Today I’m feeling quite grateful to book publicists, particularly to one who works at Abrams Comic Arts, publisher of Audrey Niffenegger’s new graphic novel, Raven Girl. In a time when libraries and publishers are sometimes on opposite sides of the fence, this is a good reminder that on both sides are people who love books and want to share them.
Audrey Niffenegger is best known for her novel The Time Traveler’s Wife, in which Clare (the wife) and Henry (the time traveler) are often separated against their will; it is an unusual and powerful love story. Her next novel, Her Fearful Symmetry, features identical twins who inherit their aunt’s London flat next to Highgate Cemetery; it is a ghost story, but the ghost realm and the human realm prove to be more porous and permeable than in other ghost stories.
Readers of these novels, however, may have missed Niffenegger’s other work; she is both an author and an artist, and these two talents come together in her graphic novels. The Night Bookmobile was serialized in The Guardian before being published in book form in 2010. The Three Incestuous Sisters (2005) and The Adventuress (2006) preceded it. And now, we have Raven Girl, in which readers of Niffenegger’s previous graphic novels will recognize her characteristic style in both the art and the story itself.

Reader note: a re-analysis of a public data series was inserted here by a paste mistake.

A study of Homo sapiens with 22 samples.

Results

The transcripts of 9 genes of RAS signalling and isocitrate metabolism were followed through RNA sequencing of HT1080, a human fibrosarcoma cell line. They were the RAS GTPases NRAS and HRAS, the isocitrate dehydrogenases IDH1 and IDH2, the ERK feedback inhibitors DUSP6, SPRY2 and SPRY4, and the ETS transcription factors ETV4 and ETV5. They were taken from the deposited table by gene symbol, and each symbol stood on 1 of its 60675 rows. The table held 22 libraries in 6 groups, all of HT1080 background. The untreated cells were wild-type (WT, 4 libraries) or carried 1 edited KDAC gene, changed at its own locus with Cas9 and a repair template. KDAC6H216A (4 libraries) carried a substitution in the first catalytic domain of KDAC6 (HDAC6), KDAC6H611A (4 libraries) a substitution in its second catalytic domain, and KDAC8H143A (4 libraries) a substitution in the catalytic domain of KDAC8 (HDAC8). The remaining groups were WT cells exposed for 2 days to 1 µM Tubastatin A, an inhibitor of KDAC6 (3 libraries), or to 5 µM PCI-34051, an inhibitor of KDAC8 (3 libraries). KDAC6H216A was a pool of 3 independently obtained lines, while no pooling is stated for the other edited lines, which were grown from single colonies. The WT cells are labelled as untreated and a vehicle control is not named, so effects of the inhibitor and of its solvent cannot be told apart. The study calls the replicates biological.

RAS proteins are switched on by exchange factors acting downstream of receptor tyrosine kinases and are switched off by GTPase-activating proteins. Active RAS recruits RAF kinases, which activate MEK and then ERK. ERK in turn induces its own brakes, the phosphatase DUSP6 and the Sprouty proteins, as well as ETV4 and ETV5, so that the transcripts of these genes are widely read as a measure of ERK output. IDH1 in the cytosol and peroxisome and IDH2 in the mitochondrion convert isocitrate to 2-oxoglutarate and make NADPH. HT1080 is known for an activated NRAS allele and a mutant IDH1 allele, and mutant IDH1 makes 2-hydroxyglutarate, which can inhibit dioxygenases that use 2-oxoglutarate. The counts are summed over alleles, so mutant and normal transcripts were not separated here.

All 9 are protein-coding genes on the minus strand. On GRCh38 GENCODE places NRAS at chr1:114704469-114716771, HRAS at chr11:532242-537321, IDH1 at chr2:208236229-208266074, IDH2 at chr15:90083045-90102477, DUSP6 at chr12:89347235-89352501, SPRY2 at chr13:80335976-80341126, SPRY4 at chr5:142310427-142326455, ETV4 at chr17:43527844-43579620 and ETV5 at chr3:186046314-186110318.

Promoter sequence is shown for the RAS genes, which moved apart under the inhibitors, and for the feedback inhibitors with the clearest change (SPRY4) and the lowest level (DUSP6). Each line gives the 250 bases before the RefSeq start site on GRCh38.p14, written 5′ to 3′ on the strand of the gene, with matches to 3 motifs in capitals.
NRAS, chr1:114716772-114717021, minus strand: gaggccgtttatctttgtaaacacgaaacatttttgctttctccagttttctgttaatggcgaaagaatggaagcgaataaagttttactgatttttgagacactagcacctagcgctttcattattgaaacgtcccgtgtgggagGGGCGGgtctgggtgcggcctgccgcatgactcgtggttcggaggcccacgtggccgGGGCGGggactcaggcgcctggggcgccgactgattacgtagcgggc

Raven Girl was conceived as “a new fairy tale,” and that is exactly what it is. A postman falls in love with a raven; their daughter is born with the form of one, but she longs for what she feels is her true form. Instead of a witch or a fairy godmother, she finds a doctor who can help her effect the change. As in a fairy tale, some details and impossibilities are glossed over; as in a fairy tale, the animal and human worlds overlap; as in a fairy tale, some characters have happy endings, and some come to unfortunate ends.
In the illustrations paired with the text, remarkable detail contrasts with simple, flowing lines, and muted browns, blues, and greens. As you read, you may find yourself looking back and forth between the text and the art, as together, they amplify the power of the story.
Like most of Niffenegger’s work, Raven Girl is magical, dark, and unusual. I highly recommend it, not just for those who are already fans of the author, but as an entry point for those who have not yet discovered her.
Disclosure: I received my copy of this book from the publisher. I received no compensation for this review. Raven Girl will be available May 7.